Don “Tollie” Tollefson feels great.
The former star sportscaster who became legend in the Philadelphia region is only months out of prison but working hard to maintain his sobriety and help others in need.
The parolee is living in a second-floor apartment, surviving off Social Security, and always looking forward to spending time with his 8-year-old daughter.
But the 65 year old claims to be doing better than ever before thanks to his clean lifestyle and faith.
Tollefson’s current situation is a stark contrast from his career pinnacle in the 1980s to 2000s when he graced viewers of 6abc and Fox 29 nightly to update them on the latest sports headlines.
However for Tollefson, his 14-month stint in Bucks County and then state prison for running a scheme that took $340,000 over the course of several years from his fans and charitable causes turned things around for him.
“It’s hard for people to understand when I say my life was saved by prison, rehab, and God,” he told LevittownNow.com on a recent sunny afternoon just outside the Bucks County Justice Center in Doylestown.
“I had been drinking since 16,” he said. “I don’t think there was a day I didn’t.”
“One year you’re at the Super Bowl, and the next you’re listening to it from prison.”
Due to the death of his mother and grandmother just weeks apart when he was a teenager and other social stresses, Tollefson began hitting the bottle and continued it during his career as a broadcaster. After a 2008 car crash on the Pennsylvania Turnpike, he also started abusing pain medication.
“All my friends had a two-parent family and I didn’t,” recalling his time growing up in San Francisco.
The hard-working Stanford University-educated reporter scooped the competition and made a name for himself in his 20s. He started covering sports and was hired up by 6abc in Philadelphia. He quickly became a regional celebrity and earned the trust of viewers.
To an extent that all fell apart after he was sent to prison, but not entirely.
Tollefson said people who once viewed him on TV stop him on the street or at the grocery store to check on him or call him to get his help getting someone into treatment.
It happened several times during his interview with this news organization.
Tollefson said his time in county prison and state correctional facilities at Graterford in Montgomery County and Pine Grove in Indiana County changed his outlook on life.
“I went to prison to pay a price and it saved my life,” Tollefson said.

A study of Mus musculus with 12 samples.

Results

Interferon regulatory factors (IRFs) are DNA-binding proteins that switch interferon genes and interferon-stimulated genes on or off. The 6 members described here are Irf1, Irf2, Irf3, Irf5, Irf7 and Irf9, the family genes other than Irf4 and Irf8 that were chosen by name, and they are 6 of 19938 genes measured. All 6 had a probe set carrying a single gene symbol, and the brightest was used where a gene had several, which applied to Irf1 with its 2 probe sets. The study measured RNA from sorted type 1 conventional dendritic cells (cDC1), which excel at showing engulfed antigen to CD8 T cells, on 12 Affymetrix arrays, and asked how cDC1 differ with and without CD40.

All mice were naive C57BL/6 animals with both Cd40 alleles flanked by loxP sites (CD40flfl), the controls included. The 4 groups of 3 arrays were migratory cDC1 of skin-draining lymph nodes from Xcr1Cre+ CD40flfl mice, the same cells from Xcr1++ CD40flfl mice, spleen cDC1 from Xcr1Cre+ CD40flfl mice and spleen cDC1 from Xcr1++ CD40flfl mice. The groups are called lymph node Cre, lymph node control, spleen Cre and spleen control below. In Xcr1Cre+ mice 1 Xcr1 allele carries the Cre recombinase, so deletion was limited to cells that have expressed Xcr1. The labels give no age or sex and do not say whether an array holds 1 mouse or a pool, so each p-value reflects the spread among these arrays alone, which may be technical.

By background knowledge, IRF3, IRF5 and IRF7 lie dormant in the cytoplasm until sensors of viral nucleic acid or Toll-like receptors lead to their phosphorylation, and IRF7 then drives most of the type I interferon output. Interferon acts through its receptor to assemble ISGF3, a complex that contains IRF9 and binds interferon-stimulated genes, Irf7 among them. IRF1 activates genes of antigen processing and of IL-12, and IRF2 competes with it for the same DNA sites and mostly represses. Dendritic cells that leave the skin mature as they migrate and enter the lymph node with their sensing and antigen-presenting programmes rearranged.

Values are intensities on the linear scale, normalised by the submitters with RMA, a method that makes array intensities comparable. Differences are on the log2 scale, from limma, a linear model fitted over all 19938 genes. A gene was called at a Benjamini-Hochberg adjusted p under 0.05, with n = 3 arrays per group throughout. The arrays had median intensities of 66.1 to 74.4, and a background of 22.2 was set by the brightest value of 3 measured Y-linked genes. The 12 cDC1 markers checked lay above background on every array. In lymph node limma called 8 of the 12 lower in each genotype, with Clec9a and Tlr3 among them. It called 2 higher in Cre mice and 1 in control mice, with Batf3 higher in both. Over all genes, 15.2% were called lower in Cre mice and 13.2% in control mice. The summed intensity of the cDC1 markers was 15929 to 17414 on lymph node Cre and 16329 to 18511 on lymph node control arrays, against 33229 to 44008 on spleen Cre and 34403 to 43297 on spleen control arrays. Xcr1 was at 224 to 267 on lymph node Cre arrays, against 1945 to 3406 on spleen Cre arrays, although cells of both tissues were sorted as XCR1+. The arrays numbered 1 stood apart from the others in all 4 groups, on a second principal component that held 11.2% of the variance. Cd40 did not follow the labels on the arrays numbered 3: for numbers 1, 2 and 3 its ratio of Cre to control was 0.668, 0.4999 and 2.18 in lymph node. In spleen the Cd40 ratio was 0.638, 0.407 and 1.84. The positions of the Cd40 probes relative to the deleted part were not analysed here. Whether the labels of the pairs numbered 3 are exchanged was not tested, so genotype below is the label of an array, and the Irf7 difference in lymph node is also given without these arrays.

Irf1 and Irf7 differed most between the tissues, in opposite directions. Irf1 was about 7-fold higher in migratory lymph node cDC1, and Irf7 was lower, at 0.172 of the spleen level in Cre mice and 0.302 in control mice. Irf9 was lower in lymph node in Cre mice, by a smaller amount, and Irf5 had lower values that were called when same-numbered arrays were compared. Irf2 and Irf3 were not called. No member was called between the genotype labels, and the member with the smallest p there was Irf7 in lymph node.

He spent time with fellow inmates, talked with them, heard their struggles, and even gained a new perspective from meeting young men who were imprisoned along with their fathers and grandfathers.
“I was able to help tutor them to get GEDs,” he said.
“These were teenagers with incredible anger and emotions. There were fights right in the classroom”
The self-described “street smart” Tollefson said he fared well in custody and appreciates the interactions he had with inmates and corrections officers, adding he spent some time in isolation because there were worries for his safety if he was in the general population.
Tollefson acknowledged what led him to prison was wrong and he apologized. He added that although substance abuse played a role, he was ultimately responsible.
At his 2014 perp walk in Warminster, a just-arrested Tollefson looked gaunt and was lacking color. Today, he looks better and is busy growing his ministry, talking with people suffering from addiction, and offering up donated books to those who need it.
In his small apartment, a recent donation has filled it with books that he will hand out to homeless and those fighting addiction.
“It’s interesting what a book can do for someone,” he said.
Out of prison, Tollefson said he is thankful his parole agent allows him to speak locally and help in the recovery community.
Down the road, the former sportscaster has interest in working in recovery and possibly even opening a recovery facility, Tollefson said.
“I’m on a journey to help people.”
Tollefson will be part of the Together We Can Convention that will be held at the Newtown Athletic Club on Pheasant Run from noon until 4 p.m. on Saturday. The event will feature numerous guest speakers, agencies that can help those dealing with addiction, nonprofits, and other resources.